Michigan Will No Longer Impose Pay or Stay SentencesJun 29, 2016, by Criminal Defense, Legal Blog in
In May of this year, the Michigan Supreme Court voted to put an end to a controversial practice occurring within the state’s criminal courts. Some Michigan defendants who were unable to pay fines or court fees were getting sentenced to jail. These so-called “pay or stay” sentences recalls debtors prisons, which have been illegal since the 19th century.
According to a 1983 U.S. Supreme Court ruling, judges may only sentence to jail defendants who cannot pay fines only when they “willfully” refuse to pay a court fee or fine. But in Michigan’s criminal courts, may poor people convicted of committing crimes have been sentenced to jail when their inability to pay was based on their lack of financial resources.
Take for example Donna Anderson, an Eastpointe resident who was convicted of having unlicensed dogs. Eastepointe Judge Carl Gerds II ordered her to pay a $445 fine, which she couldn’t pay. She was facing the possibility of spending time behind bars when the ACLU took on her case, which she eventually won.
Pay or Stay Sentences are Bad Policy, Unjust, and Impractical
At a time when Michigan is suffering from budgetary constraints, the government has been seeking to reduce its prison and jail populations. New sentencing guidelines and rehabilitative programs have been implemented to reduce the number of criminal defendants being sent to jail, especially for nonviolent offenders. In this context, pay or stay sentences such as the ones used by Judge Gert, stand out as a step backwards from a policy standpoint.
Furthermore, pay or stay sentences unfairly target the poor. A wealthy person will never have to go to jail because of his or her inability to pay fines or court costs. But poorer people may find themselves contemplating jail sentences anytime they’re ordered to pay a fine.
It’s unacceptable for the criminal justice system—which is supposed to be impartial—to dole out such different sentences based on the defendants’ financial resources. According to Miriam Aukerman, ACLU of Michigan staff attorney, “Being poor isn’t a crime and shouldn’t condemn you to serving jail time that someone with means can pay to avoid.”
Finally, pay or stay sentences don’t make sense from a practical standpoint. A person who is sentenced to jail for being unable to pay a fine will not be in a position to make money while he or she is locked up. Instead, the defendant should be allowed to remain free and make money to pay the fine. With pay or stay sentences, governments not only have to pay for the inmate’s incarceration, they also ensure the inmate will be unable to ever pay the fine.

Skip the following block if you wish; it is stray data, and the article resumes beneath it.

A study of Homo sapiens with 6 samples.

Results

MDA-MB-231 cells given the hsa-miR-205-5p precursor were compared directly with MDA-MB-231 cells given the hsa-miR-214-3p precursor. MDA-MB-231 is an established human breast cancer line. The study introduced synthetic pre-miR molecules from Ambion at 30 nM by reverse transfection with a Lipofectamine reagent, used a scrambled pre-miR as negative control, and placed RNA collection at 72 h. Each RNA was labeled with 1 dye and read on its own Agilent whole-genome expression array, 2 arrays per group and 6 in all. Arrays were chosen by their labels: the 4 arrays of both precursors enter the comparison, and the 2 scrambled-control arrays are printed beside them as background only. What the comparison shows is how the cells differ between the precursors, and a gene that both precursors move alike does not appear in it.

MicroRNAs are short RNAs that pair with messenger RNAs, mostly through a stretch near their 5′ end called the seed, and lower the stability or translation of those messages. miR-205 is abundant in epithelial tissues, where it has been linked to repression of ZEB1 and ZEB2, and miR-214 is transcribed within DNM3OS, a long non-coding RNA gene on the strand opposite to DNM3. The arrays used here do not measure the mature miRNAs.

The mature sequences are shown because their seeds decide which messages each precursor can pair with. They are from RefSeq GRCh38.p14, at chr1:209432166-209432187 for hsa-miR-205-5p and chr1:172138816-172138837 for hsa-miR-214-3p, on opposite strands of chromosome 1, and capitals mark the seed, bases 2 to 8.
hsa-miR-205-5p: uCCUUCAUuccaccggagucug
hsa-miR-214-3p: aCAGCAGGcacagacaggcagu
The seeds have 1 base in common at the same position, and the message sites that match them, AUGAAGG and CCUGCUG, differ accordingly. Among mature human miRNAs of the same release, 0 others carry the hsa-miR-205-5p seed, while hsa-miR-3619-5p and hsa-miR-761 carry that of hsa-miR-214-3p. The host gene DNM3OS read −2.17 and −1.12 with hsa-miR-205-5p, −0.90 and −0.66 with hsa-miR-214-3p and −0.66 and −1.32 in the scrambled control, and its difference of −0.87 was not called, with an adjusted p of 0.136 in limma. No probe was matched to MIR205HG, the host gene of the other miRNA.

What Can the Government Do to Ensure Defendants Pay their Fines?
Starting on September 1, 2016, Michigan judges will no longer be able to use jail sentences to coerce criminal defendants into paying their fines. But even before then, it’s likely the practice will end. For example, Judge Gerd agreed to stop the practice earlier this year.
In place of pay or stay sentences, what can the government do to ensure that defendants pay their fines? Under the new rules, judges will determine defendants’ ability to pay fines and court costs based on their job status, assets, living expenses, and personal circumstances. Where defendants demonstrate a “manifest hardship” the court will allow them to pay their fees and court costs under a payment plan.
How a Detroit Criminal Defense Attorney Can Help You
At Davis Law Group, we are committed to serving the cause of social justice by helping Michigan’s citizens confront the criminal justice system. Our goal is to ensure that your rights are respected and that you get the best case outcome possible under your circumstances. If you’re facing criminal charges and need a Detroit criminal defense lawyer, call us today at (313) 818-3238 for a free and confidential case consultation.